With the expansion of the internet, most businesses now compete on a global scale. For local companies, however, this brings additional challenges, which, if not managed correctly, can have a significant impact on operations.
If we consider that South Africa is an import economy, then any change within the global market, as well as the local business landscape, can, and will, cause significant ripples.

Even though GDP growth has slowed, disposable income spend has reduced and general consumerism is flat, South Africa remains an import economy, with over R1.2 trillion worth of goods being imported annually.
Dr Greg Cline, head of corporate accounts at Investec Import Solutions

With the possibility of credit-rating downgrades and concerns over fiscal slippage and the pace of structural reforms which are constraining medium-term growth prospects, a technical recession has been declared as of the second quarter of 2018, with GDP shrinking by 0,7% quarter-on-quarter. It’s fair to say that it has been a rough few years for the industry and the sector has had to take a hard look at its operating models.

As a result, we are seeing an increase in the automation process, with fintech solutions coming to the fore. This, coupled with a growth in imports from the East, means we have companies examining viable ways in which they can access funding to service working capital needs.

Importing goods often require upfront deposits and balance payments to suppliers weeks before these goods are converted into cash. Companies would do well to obtain lines of credit that are priced fairly, have low or no admin fees, and don’t carry penalties for non-utilisation or termination of a facility. New technologies are being applied to the supply chain to better understand cost inputs and timing of payments, with the objective of reducing working capital needs.

Disruptions drive change


Going into 2019, we are likely to see more Artificial Intelligence (AI) and self-learning technologies with the potential to predict costings and savings, as well as events that may or may not occur. An example is bad weather patterns. An AI system can potentially predict the impact of any negative weather patterns on trading times, which allows for better scheduling and the ability to change shipment ports upfront if required.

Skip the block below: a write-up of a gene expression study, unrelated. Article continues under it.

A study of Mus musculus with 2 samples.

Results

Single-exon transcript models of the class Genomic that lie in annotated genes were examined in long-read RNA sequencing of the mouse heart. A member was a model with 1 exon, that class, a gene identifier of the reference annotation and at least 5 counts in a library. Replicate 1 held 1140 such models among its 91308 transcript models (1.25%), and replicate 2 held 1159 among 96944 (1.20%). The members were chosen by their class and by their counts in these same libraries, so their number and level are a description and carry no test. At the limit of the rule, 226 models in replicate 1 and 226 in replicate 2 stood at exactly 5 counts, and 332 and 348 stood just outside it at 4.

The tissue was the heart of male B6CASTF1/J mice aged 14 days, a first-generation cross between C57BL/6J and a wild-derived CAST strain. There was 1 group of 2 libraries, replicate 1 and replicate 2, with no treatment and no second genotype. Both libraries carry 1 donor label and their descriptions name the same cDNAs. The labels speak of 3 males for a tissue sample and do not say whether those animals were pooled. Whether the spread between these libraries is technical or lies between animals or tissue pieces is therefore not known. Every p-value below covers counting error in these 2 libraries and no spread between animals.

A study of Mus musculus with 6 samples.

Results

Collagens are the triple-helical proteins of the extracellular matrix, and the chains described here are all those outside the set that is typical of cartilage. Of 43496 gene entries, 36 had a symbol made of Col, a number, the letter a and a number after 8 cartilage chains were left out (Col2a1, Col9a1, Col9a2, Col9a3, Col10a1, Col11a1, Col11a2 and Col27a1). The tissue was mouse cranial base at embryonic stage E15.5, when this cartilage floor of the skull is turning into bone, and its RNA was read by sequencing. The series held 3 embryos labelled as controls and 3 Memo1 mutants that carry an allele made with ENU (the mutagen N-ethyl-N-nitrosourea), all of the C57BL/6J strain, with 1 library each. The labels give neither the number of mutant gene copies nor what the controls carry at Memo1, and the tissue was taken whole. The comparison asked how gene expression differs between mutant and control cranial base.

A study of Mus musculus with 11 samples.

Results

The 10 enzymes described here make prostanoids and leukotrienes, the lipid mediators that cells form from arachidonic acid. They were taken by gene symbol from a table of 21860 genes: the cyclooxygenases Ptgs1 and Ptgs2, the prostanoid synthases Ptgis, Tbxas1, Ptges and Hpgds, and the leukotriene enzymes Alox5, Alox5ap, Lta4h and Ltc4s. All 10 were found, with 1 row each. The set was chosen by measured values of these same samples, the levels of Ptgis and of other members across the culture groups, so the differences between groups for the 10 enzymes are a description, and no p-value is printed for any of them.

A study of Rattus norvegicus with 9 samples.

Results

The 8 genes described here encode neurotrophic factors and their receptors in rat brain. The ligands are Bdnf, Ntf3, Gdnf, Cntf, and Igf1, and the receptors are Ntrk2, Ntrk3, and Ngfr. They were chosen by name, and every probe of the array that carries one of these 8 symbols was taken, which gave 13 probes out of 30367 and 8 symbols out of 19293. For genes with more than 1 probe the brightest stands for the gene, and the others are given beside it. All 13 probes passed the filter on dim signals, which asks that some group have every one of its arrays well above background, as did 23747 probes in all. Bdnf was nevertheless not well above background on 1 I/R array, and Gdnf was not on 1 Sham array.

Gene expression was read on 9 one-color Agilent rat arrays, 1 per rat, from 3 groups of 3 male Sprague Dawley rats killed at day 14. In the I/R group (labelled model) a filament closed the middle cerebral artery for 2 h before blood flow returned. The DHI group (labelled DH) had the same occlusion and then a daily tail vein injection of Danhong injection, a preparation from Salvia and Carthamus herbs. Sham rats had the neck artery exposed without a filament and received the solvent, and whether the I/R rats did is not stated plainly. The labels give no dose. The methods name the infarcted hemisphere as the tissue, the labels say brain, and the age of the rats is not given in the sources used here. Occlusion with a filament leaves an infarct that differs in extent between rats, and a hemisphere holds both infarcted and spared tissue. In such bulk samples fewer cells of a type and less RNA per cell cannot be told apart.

Source: pixabay.com

Another example is production and manufacturing at the start of the supply chain. Such technologies could create more responsive and predictable production times. This embedded technology would actually allow for a better understanding of when payments will be required, proofs are handed over for shipping, or when ships will arrive in port and goods will make their way to stores - as well as trends within the supply chain from a customer perspective – all of which ensure needs are matched to maximise sales.

However, as we examine what the new year could bring, businesses still need to be cognisant of the fact that logistics do not exist in isolation of funding. As such, it is probable that import businesses will partner with companies that understand the commerciality of their business and the technicalities of the inbound supply chain, and that leverage technology and innovation to maximise time and cost savings to effectively increase profitability.

Greg Cline joined Investec Import Solutions is 2012 and is currently head of corporate accounts. His responsibilities include managing business operations and CRM for Investec Import Solutions' client base. Prior, Cline was business development director at Intel Corporation where he was responsible for regional enterprise sales, strategy and marketing operations. Cline graduated as a medical doctor and holds an MBA cum laude (University of Witwatersrand and University of Chicago).